As long as there are public roads leading to state trust lands, and as long as there are no cultivated crops on that land, Wyoming hunters can most likely hunt on those state trust lands. There are a bunch of these state sections scattered all over Wyoming.
In several cases, though, shooting is not allowed on specific state trust lands. Most of those chunks where shooting isn’t permitted are close to the state’s bigger cities. But there are still plenty where you can hunt with firearms. If you’re a bowhunter, you can likely still hunt on those lands.
You can also drive on most state sections to pick up downed game, as long as the signs don’t say vehicular access isn’t permitted. Again, some pieces of state land are off limits to vehicles, mostly because people have abused those particular state trust areas.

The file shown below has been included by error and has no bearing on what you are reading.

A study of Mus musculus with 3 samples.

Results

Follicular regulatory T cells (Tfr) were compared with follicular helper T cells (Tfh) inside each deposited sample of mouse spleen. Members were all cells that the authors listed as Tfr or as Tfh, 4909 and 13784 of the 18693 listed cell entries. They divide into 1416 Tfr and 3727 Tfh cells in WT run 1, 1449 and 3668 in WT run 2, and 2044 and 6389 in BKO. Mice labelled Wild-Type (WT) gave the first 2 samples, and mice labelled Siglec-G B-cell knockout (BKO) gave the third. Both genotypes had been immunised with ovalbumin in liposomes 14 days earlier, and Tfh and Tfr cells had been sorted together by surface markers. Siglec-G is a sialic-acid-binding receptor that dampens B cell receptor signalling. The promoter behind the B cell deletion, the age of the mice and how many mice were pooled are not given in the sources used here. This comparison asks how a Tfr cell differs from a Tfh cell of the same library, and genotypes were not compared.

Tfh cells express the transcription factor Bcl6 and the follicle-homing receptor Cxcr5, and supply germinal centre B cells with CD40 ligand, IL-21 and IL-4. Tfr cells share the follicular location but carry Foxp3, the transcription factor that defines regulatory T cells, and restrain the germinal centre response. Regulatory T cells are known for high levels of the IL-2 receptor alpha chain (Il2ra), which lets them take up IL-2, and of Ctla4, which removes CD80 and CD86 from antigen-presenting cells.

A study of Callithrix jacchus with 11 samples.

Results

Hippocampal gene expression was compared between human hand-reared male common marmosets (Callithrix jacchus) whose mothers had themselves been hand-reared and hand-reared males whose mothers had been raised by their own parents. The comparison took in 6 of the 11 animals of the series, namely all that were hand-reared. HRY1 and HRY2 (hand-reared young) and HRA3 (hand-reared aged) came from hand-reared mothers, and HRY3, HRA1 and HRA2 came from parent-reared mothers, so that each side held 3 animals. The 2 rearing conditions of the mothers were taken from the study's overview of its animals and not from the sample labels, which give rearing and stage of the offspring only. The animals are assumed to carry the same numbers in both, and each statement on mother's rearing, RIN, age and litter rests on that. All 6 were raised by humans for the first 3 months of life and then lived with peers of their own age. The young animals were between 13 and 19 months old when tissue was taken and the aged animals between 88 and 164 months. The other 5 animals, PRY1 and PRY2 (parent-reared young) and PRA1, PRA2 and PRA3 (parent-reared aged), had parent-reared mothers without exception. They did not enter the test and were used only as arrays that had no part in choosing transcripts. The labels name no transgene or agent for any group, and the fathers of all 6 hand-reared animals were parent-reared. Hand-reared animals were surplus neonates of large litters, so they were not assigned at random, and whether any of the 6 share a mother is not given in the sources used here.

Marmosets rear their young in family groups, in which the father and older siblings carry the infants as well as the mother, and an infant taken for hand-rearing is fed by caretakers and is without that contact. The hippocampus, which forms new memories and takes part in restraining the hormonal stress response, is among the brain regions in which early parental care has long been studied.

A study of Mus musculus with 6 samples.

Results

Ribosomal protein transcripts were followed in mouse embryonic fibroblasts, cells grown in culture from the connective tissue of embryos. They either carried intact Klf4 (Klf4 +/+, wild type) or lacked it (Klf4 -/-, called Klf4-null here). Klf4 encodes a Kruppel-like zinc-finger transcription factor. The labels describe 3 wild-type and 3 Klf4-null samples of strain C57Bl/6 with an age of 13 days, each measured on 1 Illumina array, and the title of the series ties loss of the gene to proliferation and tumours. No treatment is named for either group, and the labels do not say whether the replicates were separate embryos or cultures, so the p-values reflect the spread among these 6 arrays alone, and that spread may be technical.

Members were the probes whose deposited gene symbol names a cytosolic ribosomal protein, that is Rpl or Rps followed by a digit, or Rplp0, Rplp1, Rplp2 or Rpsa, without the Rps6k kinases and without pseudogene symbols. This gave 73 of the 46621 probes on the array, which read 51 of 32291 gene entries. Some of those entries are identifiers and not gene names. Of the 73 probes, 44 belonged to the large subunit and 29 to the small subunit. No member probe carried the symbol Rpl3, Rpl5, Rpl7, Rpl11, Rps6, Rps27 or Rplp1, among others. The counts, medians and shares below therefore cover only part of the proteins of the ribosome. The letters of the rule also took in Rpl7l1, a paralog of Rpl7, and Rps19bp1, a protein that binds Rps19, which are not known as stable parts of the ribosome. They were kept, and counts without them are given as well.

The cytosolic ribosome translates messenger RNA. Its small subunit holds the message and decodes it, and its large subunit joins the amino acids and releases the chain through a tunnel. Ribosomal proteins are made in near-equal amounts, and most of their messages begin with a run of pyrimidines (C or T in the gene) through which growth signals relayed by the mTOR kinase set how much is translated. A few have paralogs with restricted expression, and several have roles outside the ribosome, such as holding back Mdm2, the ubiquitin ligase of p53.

There are some state trust lands that are locked between private lands, though. If there’s no public road leading all the way to that state section, you have to have permission from the private landowners to cross their land if you want to hunt that landlocked state section, and those landowners are not required to grant that permission. And as I noted a minute ago, if there are crops planted in a state section, you can’t hunt there.
If you want to know what areas are public and which ones are private, you can pick up a color-coded map from the BLM. Quite a few of the GPS manufacturers also offer downloads or chips for their receivers that will tell you the ownership of the land you’re standing on. And then there’s my favorite – MyTopo.com. They sell maps you can custom-design, and you can get overlays for land ownership and hunt areas printed right on them.
Know the rules, though, and follow them. And good luck this hunting season.